What Presidents Can and Cannot Do for Voting Policy in Executive Orders
Presidents don’t have much of a role in how elections are run -and that’s a good thing.
On March 7th, President Biden issued an executive order directing federal agencies to find ways to facilitate voter registration and voter education in accordance with the National Voter Registration Act of 1993 (NVRA).
Here is what you should know about Biden’s order and election process reforms:
States are taking action but federal activity is stuck in a polarized debate. The 2020 election sparked a contentious public debate over the future of elections administration in the United States. At least 957 bills have been introduced across 43 states on issues ranging from voter registration, casting a ballot, to counting the vote. At the federal level, the U.S. House of Representatives recently passed the party-line For the People Act, which has little chance of passing in the closely divided Senate.
It’s not the first time presidents have issued EOs on elections. Biden is not the first president to address election administration through executive order; President Clinton signed an order to aid with the implementation of the NVRA, President Obama signed an executive order establishing the Presidential Commission on Election Administration, and President Trump signed three orders relating to election integrity and security.
Biden’s EO goes farther than previous presidential EOs. Biden’s executive order is much wider in scope than previous EOs. It 1) directs federal agencies to assist states in expanding voter registration opportunities; 2) orders improvements and modernization of Vote.gov; 3) increases federal employees’ access to voting; 4) calls for reports analyzing barriers to voting for people with disabilities; 5) increases voting access for active-duty military and overseas voters; 6) provides voting access and education to citizens in federal custody; and 7) establishes a Native American voting rights steering group.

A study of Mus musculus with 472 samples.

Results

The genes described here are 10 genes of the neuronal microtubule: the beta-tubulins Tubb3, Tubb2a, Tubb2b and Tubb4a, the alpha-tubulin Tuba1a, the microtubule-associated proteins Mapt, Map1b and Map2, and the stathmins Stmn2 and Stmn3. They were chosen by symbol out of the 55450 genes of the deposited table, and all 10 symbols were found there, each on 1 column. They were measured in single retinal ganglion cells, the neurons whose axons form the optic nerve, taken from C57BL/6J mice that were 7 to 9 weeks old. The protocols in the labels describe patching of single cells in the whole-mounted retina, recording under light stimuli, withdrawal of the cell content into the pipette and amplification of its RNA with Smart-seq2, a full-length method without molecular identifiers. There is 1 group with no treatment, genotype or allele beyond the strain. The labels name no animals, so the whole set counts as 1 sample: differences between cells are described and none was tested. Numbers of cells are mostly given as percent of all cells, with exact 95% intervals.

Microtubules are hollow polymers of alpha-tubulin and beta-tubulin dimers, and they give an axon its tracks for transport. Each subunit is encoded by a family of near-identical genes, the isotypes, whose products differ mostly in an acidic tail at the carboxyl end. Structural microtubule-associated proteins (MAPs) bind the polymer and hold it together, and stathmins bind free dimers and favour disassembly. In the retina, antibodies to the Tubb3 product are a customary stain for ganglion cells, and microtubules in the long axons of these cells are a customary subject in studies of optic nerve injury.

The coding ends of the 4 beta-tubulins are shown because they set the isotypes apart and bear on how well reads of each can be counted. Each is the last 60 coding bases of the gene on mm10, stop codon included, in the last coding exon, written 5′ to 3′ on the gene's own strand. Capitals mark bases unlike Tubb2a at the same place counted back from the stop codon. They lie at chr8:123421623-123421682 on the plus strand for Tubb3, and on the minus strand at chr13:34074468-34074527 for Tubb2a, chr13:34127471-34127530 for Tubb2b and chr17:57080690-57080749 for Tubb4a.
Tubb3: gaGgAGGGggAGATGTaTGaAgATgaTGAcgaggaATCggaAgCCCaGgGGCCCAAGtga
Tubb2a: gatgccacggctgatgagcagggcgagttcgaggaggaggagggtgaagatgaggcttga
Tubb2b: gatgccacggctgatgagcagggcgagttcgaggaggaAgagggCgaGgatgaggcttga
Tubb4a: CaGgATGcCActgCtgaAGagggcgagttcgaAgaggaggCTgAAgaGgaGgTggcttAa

The EO has limited impact. It’s not that these endeavors aren’t a good idea. Exploring ways to ensure equal access for voters with disabilities and improving Vote.gov are positive, important steps. The issue is that the provisions in Biden’s order are quite limited—and for a good reason. A President can generally direct executive agencies to produce reports and prioritize certain tasks. They can impact the lives of members of the military, federal workforce, and federal inmates. Yet, most of the real reforms that improve voting outcomes need to be implemented through legislation at the state or federal levels.
Although the EO seeks to expand NVRA-related voter registration opportunities. This goal is limited. Expanding voter registration opportunities at points of service transactions with federal agencies, for example, would only increase voter registration access if states chose to work with those agencies. Forcing a state-federal collaboration in this space requires federal legislation.
The ultimate responsibility over election process resides with the states. Limitations on presidential power over the elections process is an essential check on the system. If presidents are able—exclusively through Executive Orders—to make tangible changes to voting times, dates, or manner, they can easily corrupt the process in their favor. That is specifically why the Constitution gives states much of the responsibility for election administration while reserving for Congress a role should it choose to exercise it.
Election administration policy tends to be more effective and sustainable when implemented at the state and local levels. Federal action on election policy can have a positive impact on the voting experience but it requires focused efforts, the effective use of resources, and consistent coordination with the state and local election officials who are responsible for facilitating this crucial aspect of the democratic process.
The EAC should be funded and be the nexus of national election efforts. The United States has an election-focused agency, the U.S. Election Assistance Commission (EAC), with four presidentially appointed commissioners equally split among the major parties. While the EAC has experienced years of budget austerity, it is logically the best place to center important national election initiatives as the Commission is most connected with the various stakeholders across the country. The agency is designed to be independent and insulated from any presidential interference, so the many ordered reports and actions in the recent Executive Order are assigned to other Cabinet-level agencies.